The Colonial Roots Of Pimiento Cheese : The Salt A Filipina American discovers her favorite cheesy snack has a bloody origin story.
NPR logo The Colonial Roots Of Pimiento Cheese

The Colonial Roots Of Pimiento Cheese

A Filipina American discovers her favorite cheesy snack has a bloody origin story.
Trinidad Escobar
When I was a kid, my Tito Maro would make us cheese pimiento, a popular sandwich in the Philippines.
Trinidad Escobar
As I grew older, I made pimiento cheese for friends, roommates and boyfriends. It was a way for me to share my culture with them.
Trinidad Escobar
The Philippines was a Spanish colony for 400 years. After the Spanish-American war of 1898, the USA took possession of the colony.
Trinidad Escobar
The USA didn't grant the Philippines independence for 44 years.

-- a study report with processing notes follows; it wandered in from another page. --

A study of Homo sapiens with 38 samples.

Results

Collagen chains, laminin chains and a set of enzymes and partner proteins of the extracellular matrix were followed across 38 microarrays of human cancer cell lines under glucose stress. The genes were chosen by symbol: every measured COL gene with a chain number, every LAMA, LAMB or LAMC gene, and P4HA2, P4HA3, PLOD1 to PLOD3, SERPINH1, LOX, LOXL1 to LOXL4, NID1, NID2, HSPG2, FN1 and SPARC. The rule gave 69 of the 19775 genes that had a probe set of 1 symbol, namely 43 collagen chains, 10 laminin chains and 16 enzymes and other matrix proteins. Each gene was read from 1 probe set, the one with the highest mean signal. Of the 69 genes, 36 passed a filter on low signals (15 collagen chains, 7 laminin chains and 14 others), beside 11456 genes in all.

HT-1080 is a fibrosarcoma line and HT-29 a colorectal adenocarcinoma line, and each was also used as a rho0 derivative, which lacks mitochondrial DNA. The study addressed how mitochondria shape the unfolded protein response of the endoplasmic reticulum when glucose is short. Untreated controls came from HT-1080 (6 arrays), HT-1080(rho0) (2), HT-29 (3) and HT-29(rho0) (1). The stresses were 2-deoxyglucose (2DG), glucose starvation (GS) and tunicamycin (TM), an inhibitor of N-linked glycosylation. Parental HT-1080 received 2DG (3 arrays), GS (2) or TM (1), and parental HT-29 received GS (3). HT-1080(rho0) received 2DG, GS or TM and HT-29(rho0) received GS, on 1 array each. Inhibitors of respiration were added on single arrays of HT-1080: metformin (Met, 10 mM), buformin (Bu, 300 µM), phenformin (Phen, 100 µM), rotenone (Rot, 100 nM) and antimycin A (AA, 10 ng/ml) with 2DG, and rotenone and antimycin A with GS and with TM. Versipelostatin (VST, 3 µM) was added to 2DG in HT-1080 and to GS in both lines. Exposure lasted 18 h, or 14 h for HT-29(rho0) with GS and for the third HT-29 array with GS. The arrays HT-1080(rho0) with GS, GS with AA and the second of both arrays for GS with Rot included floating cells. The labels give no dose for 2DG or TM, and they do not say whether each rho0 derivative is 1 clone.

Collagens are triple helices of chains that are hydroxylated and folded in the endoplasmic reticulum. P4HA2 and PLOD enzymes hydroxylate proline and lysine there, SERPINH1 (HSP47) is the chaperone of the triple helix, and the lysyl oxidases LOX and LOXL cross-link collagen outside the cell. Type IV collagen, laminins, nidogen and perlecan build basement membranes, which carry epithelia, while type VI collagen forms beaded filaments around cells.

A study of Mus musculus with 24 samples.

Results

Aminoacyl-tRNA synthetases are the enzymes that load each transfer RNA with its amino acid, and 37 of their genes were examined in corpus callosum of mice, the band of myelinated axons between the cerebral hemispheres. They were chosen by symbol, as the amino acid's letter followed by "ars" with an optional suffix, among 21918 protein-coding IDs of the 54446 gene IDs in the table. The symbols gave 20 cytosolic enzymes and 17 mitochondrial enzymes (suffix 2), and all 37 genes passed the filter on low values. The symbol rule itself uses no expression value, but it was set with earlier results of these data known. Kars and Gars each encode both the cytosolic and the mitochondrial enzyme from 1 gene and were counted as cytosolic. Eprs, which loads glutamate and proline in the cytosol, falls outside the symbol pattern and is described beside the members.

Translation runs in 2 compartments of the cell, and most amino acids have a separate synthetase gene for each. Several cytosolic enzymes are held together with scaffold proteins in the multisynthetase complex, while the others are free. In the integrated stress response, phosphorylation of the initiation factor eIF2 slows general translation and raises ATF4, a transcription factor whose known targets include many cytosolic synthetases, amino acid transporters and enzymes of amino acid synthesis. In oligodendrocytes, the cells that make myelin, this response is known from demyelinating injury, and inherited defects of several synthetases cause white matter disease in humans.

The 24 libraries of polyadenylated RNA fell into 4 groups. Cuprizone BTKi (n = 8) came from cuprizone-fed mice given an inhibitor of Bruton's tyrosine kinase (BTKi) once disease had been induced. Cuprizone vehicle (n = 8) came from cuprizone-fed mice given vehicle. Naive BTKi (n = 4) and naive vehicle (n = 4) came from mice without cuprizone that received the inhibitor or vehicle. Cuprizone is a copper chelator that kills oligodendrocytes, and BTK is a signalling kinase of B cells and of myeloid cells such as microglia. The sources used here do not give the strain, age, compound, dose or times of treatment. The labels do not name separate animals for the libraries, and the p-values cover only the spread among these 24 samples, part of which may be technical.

Trinidad Escobar
With the American occupation came American imports of canned foods.
Trinidad Escobar
My mom says that my grandma would make it for special occasions in the '50s. She'd stuff it into pinwheel sandwiches for fancy cocktail parties.
Trinidad Escobar
Over the generations, cheese pimiento became a regular part of the Filipino lunch tradition, enjoyed by the masses.
Trinidad Escobar
But Gem Daus, a Filipino American professor of Asian American studies at the University of Maryland, reminds me that many long-standing Filipino foods aren't really Filipino.
Trinidad Escobar
But when each dish arrived — whether by force or by trade — Filipinos added their own little spin. They cook it to their tastes, adapting and improvising until it's far from its foreign origins.
Trinidad Escobar
And pimiento cheese became cheese pimiento. There's not really much difference in the recipe — it's still cheese and mayo on bread — but we did remix the name.
Trinidad Escobar
Is my beloved pimiento cheese still good? I made a toasted sandwich recently — the same way Tito Maro made it.
Trinidad Escobar

This illustrated story originally appeared in The Nib.